GRAND RAPIDS, Mich. (AP) — The public health officer in the Grand Rapids area said he's a victim of "brute mob hatred" after ordering masks in schools in Kent County to prevent the spread of COVID-19.
Adam London told county commissioners that a woman tried to run his vehicle off the road in August immediately after the mask order. He is no longer making public appearances because of concerns about violence.
Angry residents have expressed their disgust about the order at public meetings. County commissioners can't overrule London.
"There is a sickness in America ... far more insidious than COVID," London said in an Aug. 22 email, two days after his mask order.
London's email was reported by the Michigan Advance and pursued by other news organizations.
"I need help. My team and I are broken," London wrote. "I'm about done. I've done my job to the best of my ability. I've given just about everything to Kent County, and now I've given some more of my safety. If you want to fire me, or censure me, or pass a resolution condemning me, by all means please proceed."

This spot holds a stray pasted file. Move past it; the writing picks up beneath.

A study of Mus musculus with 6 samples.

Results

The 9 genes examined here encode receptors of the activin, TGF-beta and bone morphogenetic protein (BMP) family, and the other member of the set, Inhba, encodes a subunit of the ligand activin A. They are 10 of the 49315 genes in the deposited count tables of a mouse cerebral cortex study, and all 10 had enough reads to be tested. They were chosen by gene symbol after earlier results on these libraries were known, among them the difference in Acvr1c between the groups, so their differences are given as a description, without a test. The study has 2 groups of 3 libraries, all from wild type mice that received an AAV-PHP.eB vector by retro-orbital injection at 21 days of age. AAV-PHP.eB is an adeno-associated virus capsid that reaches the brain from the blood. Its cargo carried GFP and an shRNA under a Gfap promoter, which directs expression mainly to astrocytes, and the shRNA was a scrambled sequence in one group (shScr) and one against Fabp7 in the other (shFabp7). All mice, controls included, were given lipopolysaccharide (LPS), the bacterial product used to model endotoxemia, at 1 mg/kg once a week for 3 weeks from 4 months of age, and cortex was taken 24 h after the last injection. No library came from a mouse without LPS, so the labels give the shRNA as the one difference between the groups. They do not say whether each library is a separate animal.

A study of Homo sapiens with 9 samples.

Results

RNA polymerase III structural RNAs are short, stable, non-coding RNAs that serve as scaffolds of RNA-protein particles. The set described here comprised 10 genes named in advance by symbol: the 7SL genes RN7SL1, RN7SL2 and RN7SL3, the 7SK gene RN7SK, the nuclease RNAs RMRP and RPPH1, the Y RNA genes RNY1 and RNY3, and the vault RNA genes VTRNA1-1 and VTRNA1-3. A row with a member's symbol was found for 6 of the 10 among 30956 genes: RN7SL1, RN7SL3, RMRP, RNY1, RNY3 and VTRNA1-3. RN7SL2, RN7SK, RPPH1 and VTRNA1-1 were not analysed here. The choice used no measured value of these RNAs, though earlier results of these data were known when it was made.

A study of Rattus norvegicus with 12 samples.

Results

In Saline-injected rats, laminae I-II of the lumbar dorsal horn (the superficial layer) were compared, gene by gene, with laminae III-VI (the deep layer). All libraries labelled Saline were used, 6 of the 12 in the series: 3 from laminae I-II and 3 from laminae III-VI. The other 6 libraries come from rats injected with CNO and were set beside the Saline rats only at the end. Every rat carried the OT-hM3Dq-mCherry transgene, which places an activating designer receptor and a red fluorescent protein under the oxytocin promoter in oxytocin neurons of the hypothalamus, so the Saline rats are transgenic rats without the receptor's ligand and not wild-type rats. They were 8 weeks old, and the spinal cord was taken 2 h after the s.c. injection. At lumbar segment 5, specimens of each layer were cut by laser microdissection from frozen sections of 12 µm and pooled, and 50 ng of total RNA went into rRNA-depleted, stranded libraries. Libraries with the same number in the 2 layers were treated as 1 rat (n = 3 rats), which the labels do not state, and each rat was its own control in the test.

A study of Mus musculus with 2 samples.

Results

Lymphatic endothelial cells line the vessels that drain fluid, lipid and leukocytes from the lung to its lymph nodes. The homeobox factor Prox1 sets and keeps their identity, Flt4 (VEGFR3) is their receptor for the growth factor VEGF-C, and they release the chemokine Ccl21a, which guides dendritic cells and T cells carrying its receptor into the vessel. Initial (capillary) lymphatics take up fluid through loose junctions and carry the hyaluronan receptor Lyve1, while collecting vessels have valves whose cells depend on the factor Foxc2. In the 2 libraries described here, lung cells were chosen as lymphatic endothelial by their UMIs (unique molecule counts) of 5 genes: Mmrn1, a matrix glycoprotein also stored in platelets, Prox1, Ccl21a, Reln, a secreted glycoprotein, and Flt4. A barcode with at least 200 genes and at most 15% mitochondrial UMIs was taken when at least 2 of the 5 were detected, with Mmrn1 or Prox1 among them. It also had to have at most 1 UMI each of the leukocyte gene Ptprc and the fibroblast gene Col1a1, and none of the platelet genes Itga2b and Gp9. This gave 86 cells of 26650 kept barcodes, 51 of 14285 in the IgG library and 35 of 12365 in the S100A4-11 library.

The sheriff's office confirmed that London called authorities after the road incident.
"I want you to know that I will not needlessly expose myself (or my family for that matter) to the brute mob hatred that is crudely evident in a vocal and energized minority," London told commissioners.
Two Republican state lawmakers who have threatened to pull funding from the local health department because of the mask order are condemning the threats, WOOD-TV reported.
"Violence, and threats of violence, against public officials are unacceptable in civil society," said Rep. Mark Huizenga, R-Walker.